Pottery Shard May Be ‘Missing Link’ in the Alphabet’s Development
An inscription found on a 3,500-year-old vessel suggests that a standardized script arrived in Canaan earlier than previously thought
A 3,500-year-old inscription on a pottery shard found in Israel is offering scholars new clues about the development of the alphabet that formed the basis for many modern writing systems.
The discovery appears to be the oldest writing ever recorded in Israel, reports Rossella Tercatin for the Jerusalem Post. Archaeologists found the fragment during excavations at Tel Lachish in south central Israel in 2018. Using radiocarbon dating of barley grains found alongside the shard, they were able to date it fairly precisely to about 1450 B.C., when the area was a center of Canaanite society. The team published its findings in the journal Antiquity.
Inscribed on a tiny fragment of a clay pot, the writing consists of six letters on two lines. As study co-author Haggai Misgav, an epigraphist at the Hebrew University of Jerusalem, tells Haaretz’s Ariel David, the first three letters may spell out the word ebed, meaning “slave” or “servant.”
The inscription was likely part of a person’s name: Per Haaretz, a popular naming convention at the time combined “servant” with the name of a local god to symbolize devotion. The second line on the shard could read nophet, meaning “nectar” or “honey.”
Given that the text is short and incomplete, the researchers have not definitively determined what the inscription says. Also unclear is whether the writing was meant to be read from left to right or right to left.
In a statement, the researchers argue that the script represents a “missing link” connecting alphabetic inscriptions found in Egypt and Sinai with later writing from Canaan. The writing uses an early version of the alphabet in which letters bear a resemblance to the Egyptian hieroglyphs they evolved from.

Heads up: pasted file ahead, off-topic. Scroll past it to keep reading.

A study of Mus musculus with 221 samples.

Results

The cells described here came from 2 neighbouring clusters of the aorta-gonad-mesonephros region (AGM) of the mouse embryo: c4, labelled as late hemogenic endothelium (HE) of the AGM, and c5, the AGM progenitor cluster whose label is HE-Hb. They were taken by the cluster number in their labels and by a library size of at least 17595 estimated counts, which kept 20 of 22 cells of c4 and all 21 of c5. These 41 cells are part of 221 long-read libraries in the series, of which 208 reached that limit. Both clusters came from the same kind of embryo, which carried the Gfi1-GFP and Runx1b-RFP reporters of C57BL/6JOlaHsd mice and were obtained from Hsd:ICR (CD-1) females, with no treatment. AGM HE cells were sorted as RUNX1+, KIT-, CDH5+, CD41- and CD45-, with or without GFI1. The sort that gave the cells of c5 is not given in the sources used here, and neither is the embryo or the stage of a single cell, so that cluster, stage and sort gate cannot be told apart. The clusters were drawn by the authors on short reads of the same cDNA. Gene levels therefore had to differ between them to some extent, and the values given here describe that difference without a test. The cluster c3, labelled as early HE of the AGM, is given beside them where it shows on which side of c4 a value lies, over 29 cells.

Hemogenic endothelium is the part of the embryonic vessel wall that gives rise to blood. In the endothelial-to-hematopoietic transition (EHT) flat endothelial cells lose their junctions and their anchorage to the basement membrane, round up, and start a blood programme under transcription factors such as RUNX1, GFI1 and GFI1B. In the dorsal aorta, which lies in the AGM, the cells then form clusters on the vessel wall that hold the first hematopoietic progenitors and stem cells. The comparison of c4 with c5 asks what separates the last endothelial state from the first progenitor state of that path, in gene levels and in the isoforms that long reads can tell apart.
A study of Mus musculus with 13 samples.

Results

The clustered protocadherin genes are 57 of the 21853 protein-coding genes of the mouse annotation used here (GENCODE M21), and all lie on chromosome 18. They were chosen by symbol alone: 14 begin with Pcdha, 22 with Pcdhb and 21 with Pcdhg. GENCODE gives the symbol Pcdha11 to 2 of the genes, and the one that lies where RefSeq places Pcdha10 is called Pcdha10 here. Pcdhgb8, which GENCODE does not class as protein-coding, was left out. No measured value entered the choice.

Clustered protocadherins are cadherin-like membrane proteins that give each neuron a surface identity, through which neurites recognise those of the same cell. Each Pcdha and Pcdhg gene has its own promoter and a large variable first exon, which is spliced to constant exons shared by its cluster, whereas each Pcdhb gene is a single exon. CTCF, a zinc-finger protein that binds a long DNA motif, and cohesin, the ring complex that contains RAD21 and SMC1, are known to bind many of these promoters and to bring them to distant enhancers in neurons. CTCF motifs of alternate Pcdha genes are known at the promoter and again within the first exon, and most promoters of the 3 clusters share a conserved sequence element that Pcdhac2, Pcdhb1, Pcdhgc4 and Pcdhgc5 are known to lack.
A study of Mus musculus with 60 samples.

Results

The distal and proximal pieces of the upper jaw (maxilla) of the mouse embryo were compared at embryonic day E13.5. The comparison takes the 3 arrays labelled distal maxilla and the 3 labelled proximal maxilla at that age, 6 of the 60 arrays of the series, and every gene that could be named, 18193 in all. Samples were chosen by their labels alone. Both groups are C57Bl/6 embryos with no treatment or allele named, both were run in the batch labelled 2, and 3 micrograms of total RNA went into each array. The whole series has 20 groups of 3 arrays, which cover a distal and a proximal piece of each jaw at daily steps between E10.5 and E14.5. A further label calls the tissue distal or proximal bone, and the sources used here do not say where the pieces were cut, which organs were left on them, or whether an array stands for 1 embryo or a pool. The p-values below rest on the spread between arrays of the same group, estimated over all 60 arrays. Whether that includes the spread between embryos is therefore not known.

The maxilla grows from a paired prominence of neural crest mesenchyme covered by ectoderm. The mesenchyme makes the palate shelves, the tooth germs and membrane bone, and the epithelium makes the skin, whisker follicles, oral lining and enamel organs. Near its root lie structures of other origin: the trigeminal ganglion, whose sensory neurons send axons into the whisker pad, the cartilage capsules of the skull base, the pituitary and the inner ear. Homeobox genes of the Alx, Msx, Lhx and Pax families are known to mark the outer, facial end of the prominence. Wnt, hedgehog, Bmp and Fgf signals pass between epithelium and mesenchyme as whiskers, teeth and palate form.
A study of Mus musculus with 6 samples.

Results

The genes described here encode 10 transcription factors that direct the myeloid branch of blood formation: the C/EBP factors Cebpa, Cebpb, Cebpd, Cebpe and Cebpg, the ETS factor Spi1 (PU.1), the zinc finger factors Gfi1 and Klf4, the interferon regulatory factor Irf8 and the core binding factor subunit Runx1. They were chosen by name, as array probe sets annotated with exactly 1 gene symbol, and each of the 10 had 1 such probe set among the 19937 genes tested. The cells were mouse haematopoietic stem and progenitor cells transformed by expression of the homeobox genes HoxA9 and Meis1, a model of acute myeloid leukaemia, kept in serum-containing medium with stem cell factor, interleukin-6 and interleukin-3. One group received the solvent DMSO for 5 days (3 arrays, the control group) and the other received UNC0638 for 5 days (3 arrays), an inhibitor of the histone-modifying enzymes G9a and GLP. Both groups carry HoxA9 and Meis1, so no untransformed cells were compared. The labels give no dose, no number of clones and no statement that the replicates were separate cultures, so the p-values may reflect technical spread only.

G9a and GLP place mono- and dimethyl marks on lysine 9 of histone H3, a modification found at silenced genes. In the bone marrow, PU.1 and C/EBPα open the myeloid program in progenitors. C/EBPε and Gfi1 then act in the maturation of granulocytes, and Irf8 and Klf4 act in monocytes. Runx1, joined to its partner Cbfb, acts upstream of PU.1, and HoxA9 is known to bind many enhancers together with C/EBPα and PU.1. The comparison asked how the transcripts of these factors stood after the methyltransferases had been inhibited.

The finding appears to overturn a previous hypothesis that the alphabet only came to Canaan when Egypt ruled the area.
“In the Late Bronze Age, between 1550 and 1200 B.C., the region was under the Egyptian empire,” lead author Felix Höflmayer, an archaeologist at the Austrian Academy of Sciences, tells the Jerusalem Post. “The Egyptians imposed their administrative system and their own writing and many experts though that the early alphabet might have been introduced in this context, but now we can see that it was already in use at least by the 15th century B.C., when there was not such a large-scale Egyptian domination.”
Thanks to its abundant water sources and fertile land, Tel Lachish was home to a large city for much of ancient history, notes the Jewish Virtual Library. The Canaanites established a fortified power center there around 2000 B.C. A fire destroyed the city around the end of the 12th century B.C., but it was rebuilt as an Israelite fortress-city in the Kingdom of Judah before being destroyed once again during an attack by Assyrian forces in 701 B.C. Archaeologists have been investigating the site since the 1930s.
Speaking with Owen Jarus of Live Science, Benjamin Sass, an archaeologist at Tel Aviv University who was not involved in the new study, points out that dating the barley discovered with the pottery fragment may not have yielded an accurate date for the inscription itself, as the grain could have been harvested after the vessel’s creation.
“The data published so far makes [the team’s timeline] a possibility, but by no means a certainty,” he argues.
Canaanite writing eventually split into the alphabet that ancient Israelites used to write the Hebrew Bible and a version used by Phoenicians. As Lydia Wilson wrote for Smithsonian magazine earlier this year, the evolution of alphabetic writing advanced after the late Bronze Age collapse, around 1200 B.C. With the breakdown of the Mediterranean’s major empires, the leaders of smaller city-states began using local languages. Variations of the alphabet used in Canaan spread from Turkey to Spain and eventually gave rise to the Latin alphabet used in written English today.
“All alphabets have somewhat evolved from hieroglyphs, the Phoenician one, the Hebrew one, the Greek one, the Latin one and so on,” Höflmayer tells the Jerusalem Post. “… Now we know that the alphabet was not brought to the Levant by the Egyptian rule. Although we cannot really explain yet how it happened, we can say that it was much earlier and under different social circumstances.”